DC’s Red Hook Lobster Pound Food Trucks Have Shut Down for Good

In their heyday, the trucks drew hourlong lines of downtown office workers.

Photograph by Scott Suchman

At the height of the food truck boom, Red Hook Lobster Pound was a local celeb. Downtown office workers waited an hour during their lunch breaks for the Connecticut and Maine-style rolls, and the truck was the first to receive a starred review from the Washington Post.

After a decade of operation, owner Doug Povich is now selling his two DC-area trucks because of the Covid-19 pandemic. (A Red Hook kiosk at the Wharf closed at the end of last year.) The business stopped operating mid-March, and it quickly became clear that it wouldn’t be able to rebound.

“It’s a seasonal cyclical business and you rely on money that you make in the spring to pay off the debts that occur over the winter,” says Povich, a former chairman of the DMV Food Truck Association. “Without the spring income and festival income, we just didn’t have enough cash in the bank to survive.”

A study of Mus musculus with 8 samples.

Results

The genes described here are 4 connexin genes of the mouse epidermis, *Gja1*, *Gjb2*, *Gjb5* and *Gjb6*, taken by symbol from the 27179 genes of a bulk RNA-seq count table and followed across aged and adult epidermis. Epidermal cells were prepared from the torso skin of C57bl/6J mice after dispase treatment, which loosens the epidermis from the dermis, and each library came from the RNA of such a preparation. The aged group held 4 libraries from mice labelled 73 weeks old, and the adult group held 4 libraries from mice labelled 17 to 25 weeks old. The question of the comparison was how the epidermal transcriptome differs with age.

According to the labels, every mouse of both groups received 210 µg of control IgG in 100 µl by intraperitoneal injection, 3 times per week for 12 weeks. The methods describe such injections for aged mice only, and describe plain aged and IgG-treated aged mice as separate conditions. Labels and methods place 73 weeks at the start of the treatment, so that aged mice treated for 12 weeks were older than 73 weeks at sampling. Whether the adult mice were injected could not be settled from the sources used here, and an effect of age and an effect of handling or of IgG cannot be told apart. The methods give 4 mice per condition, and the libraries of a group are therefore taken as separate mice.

Povich licensed Red Hook brand from his cousin Susan Povich in New York, and she will continue to operate the business there. “She’s weathering the Covid storm better than we could down here,” he says.

Povich says he’s interested in selling his business so someone else can continue to slinging lobster rolls in DC, but it’s more likely he’ll just sell the Freightliner vehicles.

At the very least he already had another job to fall back on. Povich, a communications lawyer, works for Fairfax County government as a management analyst.

“At some point I’ll come up with something entrepreneurial to do,” he says.

Jessica Sidman
Food Editor

Jessica Sidman covers the people and trends behind D.C.’s food and drink scene. Before joining Washingtonian in July 2016, she was Food Editor and Young & Hungry columnist at Washington City Paper. She is a Colorado native and University of Pennsylvania grad.